A US judge has blocked a lawsuit against telecoms company AT&T on grounds of national security. The case sought to block AT&T from handing over phone records to US authorities.
Parallel cases dealing with the same issue are ongoing in the US and last Friday a San Francisco judge gave a separate, similar case the go ahead. But US District Judge Matthew Kennelly ruled in a Michigan court that this case would be dismissed.
"The court is persuaded that requiring AT&T to confirm or deny whether it has disclosed large quantities of telephone records to the federal government could give adversaries of this country valuable insight into the government's intelligence activities," said Kennelly.
AT&T is accused of passing on the phone records illegally to the National Security Agency (NSA). Kennelly said that he had received a written statement in the case from NSA director Lt General Keith Alexander and from National Intelligence Director John Negroponte.
The case was brought by the American Civil Liberties Union (ACLU) on behalf of several activists and author Studs Terkel who said that their constitutional rights had been infringed by the passing on of phone data.
The judge in the San Francisco case, which was brought by the Electronic Frontier Foundation, ruled that the case would not endanger national security because allegations of information being passed were so widely reported in the press. Kennelly said that news reports were speculation and had not been confirmed by security agencies or by AT&T.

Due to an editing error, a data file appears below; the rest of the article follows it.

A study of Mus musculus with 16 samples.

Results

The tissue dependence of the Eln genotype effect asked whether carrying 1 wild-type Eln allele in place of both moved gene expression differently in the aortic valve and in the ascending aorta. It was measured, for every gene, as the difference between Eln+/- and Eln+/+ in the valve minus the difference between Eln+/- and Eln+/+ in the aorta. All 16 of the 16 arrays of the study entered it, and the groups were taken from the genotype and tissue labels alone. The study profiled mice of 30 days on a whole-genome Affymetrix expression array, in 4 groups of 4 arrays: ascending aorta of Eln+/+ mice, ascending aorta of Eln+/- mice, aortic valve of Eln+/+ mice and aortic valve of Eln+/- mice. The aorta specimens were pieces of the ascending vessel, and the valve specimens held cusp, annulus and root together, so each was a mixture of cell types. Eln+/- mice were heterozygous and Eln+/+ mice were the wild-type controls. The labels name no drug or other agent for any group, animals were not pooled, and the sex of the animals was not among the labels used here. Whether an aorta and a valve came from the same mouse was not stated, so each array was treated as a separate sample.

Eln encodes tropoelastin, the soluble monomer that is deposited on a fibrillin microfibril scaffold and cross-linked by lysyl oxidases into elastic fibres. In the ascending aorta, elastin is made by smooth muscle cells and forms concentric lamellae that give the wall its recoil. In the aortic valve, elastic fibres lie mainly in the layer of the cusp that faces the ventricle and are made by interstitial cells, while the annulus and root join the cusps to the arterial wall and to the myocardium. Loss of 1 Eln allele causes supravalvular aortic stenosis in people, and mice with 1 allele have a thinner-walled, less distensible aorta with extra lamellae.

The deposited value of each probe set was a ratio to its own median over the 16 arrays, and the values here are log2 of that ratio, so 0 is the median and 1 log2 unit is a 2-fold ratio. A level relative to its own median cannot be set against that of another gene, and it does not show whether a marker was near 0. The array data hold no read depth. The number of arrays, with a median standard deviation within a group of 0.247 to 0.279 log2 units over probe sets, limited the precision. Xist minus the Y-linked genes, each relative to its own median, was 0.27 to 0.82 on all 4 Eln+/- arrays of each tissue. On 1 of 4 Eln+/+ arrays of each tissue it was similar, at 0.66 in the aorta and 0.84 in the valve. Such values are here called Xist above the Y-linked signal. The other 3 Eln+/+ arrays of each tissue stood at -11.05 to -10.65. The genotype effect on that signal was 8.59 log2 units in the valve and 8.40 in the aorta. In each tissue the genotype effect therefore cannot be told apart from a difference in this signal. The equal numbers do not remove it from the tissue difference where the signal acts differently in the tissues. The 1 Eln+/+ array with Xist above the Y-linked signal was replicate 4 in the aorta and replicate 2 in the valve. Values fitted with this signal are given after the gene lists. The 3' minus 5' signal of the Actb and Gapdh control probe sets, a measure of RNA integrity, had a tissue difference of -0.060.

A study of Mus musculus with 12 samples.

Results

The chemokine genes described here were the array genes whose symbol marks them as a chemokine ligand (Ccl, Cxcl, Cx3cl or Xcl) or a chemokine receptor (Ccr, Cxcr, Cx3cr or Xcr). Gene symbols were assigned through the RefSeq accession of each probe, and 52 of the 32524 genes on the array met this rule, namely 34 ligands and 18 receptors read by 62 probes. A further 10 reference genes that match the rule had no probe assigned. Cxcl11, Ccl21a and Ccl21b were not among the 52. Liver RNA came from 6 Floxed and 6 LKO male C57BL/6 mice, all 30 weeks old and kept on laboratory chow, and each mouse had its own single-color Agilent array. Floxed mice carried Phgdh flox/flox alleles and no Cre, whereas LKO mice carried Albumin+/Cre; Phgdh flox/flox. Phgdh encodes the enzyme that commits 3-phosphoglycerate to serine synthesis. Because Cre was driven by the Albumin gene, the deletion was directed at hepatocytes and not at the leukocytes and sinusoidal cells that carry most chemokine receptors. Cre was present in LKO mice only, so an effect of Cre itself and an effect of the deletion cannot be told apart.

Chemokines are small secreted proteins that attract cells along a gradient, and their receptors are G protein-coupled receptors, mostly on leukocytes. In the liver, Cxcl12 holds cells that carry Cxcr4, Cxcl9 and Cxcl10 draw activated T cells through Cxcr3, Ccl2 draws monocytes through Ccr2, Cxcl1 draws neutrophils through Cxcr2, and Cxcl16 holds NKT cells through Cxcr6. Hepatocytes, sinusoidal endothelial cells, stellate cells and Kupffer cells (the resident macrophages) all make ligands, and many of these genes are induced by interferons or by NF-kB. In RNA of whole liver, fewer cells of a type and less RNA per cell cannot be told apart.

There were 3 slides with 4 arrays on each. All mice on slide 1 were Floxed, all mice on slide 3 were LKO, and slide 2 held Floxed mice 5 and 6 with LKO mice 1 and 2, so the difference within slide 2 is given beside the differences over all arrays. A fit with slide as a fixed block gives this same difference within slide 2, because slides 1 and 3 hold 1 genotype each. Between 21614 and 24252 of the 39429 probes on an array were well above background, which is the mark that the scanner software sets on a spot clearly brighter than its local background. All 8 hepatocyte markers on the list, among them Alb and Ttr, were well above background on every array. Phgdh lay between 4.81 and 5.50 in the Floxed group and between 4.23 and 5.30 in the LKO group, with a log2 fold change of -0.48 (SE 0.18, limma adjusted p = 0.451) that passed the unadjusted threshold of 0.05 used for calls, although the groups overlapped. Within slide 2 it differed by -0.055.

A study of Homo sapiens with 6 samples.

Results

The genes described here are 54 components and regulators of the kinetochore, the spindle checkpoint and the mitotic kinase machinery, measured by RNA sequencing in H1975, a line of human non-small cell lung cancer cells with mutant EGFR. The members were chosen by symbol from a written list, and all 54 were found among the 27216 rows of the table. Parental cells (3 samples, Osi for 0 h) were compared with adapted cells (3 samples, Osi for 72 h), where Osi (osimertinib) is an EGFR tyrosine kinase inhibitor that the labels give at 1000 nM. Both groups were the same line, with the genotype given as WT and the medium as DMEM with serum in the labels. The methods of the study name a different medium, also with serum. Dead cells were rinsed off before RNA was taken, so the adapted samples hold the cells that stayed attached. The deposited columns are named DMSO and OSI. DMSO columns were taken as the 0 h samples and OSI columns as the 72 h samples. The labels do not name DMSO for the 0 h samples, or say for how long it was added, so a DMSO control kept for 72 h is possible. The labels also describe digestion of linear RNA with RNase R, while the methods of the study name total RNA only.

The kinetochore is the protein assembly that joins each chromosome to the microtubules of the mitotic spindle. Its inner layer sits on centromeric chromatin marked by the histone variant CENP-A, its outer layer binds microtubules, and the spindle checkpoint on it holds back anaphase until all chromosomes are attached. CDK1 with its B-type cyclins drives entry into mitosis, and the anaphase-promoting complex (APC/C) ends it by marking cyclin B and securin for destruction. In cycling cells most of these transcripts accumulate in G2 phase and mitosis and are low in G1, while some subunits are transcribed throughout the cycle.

"A private company – AT&T – should not be able to escape accountability for violating a federal statute and the privacy of their customers on the basis that a program widely discussed in public is secret," said ACLU of Illinois legal director Harvey Grossman. "Members of Congress publicly discussed the program of gathering data from telephone companies without lawful authorization in violation of existing federal law. "
"We believe that innocent Americans – including our clients in this case – should have a venue through the courts for vindicating their rights against the abuses and overreach of the executive branch.
Kennelly said that some of the information provided by Alexander and Negroponte was classified. He claimed that his decision was not based on the classified information and that he would issue a memorandum relating to the classified information which would also be classified and "unavailable for inspection by the public".
US senator Arlen Specter has proposed a plan to hear any challenges to the NSA's activities in a secret court under the Foreign Intelligence Surveillance Act.